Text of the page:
Using the New Linux ReiserFS Filesystem - Page 3

By Stew Benedict | Posted Dec 21, 2000

I also killed the power on the system a number of times without shutting down properly, and the ReiserFS partitions were checked and back online in less than a second when the system came back up. On the other hand, the ext2 partitions took 20 to 40 seconds to run e2fsck.

Real-World Usage

The following statements were listed as testimonials on the ReiserFS Web pages. SourceForge is a developer resource that sponsors open source projects; the site is run by VALinux. Mozilla is the open source spin-off from the commercial Netscape browser:

  • "http://ftp.sourceforge.net/ has 850GB storage, half of which is reiserfs, half is ext2. Both filesystems have been running flawlessly for > 4 months of production (actually longer, but wasn't reiserfs before). That server pushes between 15Mbit and 50Mbit/sec, and pulls/syncs about 2-5Mbit/sec, 24x7."

  • "Reiserfs also powers the CVS tree filesystem for cvs-mirror.mozilla.org (also tokyojoe.sourceforge.net), which is the one and only anonymous CVS checkout point for mozilla. That server has run flawlessly under very heavy load since birth."
CrossLinks

Conclusion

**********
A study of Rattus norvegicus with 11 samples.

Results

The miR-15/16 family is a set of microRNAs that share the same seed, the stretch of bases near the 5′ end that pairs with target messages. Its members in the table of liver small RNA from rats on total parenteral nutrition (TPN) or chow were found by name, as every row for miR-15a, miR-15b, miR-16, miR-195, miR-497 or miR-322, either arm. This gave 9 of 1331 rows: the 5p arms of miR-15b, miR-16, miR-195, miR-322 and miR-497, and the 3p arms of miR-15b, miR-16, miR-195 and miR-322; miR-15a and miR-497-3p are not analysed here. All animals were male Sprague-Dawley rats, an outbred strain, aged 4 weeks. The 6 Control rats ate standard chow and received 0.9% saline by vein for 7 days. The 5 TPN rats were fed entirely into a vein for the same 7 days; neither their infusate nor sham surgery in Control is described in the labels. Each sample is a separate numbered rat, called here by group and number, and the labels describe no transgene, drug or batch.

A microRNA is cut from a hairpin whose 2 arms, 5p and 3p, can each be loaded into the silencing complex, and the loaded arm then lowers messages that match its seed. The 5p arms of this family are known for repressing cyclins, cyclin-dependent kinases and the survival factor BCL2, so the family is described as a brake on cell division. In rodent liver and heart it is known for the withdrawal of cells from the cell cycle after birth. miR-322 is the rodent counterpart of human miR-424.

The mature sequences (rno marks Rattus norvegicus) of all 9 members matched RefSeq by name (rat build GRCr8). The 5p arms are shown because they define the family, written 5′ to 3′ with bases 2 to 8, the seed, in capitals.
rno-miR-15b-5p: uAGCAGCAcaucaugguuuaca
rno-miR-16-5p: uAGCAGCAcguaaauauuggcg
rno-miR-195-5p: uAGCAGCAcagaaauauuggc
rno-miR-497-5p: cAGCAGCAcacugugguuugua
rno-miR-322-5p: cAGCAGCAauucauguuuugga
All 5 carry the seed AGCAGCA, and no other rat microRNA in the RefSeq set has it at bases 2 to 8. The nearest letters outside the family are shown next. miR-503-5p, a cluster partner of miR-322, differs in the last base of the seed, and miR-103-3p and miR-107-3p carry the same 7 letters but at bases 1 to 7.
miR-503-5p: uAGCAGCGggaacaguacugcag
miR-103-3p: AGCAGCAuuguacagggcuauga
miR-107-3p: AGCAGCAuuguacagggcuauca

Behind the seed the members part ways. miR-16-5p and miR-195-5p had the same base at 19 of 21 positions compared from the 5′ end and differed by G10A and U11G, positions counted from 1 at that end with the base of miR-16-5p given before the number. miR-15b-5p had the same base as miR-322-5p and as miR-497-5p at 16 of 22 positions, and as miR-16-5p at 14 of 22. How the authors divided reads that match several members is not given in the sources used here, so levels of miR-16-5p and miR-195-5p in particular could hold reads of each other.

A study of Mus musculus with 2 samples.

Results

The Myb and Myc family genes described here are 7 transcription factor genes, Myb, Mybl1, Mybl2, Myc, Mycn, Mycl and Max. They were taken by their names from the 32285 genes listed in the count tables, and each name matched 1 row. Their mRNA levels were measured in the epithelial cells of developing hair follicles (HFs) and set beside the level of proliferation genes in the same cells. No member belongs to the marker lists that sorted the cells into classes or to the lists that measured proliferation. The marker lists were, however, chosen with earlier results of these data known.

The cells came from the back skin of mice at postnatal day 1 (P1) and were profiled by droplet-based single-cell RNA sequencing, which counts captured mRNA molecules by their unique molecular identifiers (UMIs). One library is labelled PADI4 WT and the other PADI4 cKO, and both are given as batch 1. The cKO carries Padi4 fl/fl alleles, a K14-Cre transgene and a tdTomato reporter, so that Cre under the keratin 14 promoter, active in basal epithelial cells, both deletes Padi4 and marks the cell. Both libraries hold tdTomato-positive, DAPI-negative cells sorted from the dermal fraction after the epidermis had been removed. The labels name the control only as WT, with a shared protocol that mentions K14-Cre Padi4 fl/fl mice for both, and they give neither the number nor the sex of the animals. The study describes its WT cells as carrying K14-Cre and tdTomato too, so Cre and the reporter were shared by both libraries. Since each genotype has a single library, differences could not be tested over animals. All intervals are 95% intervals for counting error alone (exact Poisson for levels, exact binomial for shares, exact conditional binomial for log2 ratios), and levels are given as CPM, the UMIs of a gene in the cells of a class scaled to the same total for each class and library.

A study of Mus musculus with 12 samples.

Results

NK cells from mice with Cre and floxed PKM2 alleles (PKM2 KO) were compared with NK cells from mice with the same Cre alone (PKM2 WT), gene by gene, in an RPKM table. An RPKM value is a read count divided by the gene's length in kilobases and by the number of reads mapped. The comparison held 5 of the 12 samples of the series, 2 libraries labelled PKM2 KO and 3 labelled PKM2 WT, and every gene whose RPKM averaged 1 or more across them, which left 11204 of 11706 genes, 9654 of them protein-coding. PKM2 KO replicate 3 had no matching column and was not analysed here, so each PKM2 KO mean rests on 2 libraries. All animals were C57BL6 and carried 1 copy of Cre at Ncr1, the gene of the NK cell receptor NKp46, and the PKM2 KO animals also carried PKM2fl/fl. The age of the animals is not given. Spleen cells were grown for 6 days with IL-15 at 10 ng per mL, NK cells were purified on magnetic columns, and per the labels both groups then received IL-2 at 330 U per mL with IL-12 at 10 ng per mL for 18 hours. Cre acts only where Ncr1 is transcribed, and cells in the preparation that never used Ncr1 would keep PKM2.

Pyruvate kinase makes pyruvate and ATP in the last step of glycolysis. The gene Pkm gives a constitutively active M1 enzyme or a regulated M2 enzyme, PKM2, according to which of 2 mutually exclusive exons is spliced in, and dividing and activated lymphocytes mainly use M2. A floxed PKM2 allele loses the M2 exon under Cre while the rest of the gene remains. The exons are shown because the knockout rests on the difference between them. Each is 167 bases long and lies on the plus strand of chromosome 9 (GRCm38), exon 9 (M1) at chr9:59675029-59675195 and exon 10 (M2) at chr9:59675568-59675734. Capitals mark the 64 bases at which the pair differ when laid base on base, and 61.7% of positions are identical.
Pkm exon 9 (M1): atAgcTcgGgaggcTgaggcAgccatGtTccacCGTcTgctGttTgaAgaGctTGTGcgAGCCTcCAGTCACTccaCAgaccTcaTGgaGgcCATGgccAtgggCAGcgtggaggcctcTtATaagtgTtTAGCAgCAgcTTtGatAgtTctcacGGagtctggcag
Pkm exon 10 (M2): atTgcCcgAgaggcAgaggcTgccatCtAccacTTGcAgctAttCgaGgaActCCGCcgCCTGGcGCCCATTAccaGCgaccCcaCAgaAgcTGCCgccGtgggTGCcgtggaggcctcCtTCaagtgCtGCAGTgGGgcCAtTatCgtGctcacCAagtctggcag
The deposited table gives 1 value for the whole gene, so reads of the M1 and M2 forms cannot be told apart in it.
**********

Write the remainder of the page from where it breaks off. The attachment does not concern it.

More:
I hope this overview gives you some insight as to the pros and cons of using ReiserFS. My experience so far has been good, and I may adopt it the next time I upgrade my server. In the meantime, I'll continue running it on this test system, and perhaps load up a database and give it a bit more of a workout. //

Stew Benedict is a systems administrator for an automotive manufacturer in Cleveland, Ohio. He also is a freelance consultant, and runs AYS Enterprises, which specializes in printed circuit design, Microsoft Access solutions for the Windows platforms, and utilizing Linux as a low-cost alternative to commercial operating systems and software. He has been using and promoting Linux since about 1994. When not basking in the glow of a CRT, Stew enjoys time with his wife, daughter, and two dogs at his future (not too much longer!) retirement home overlooking Norris Lake in the foothills of the Smoky Mountains in Tennessee.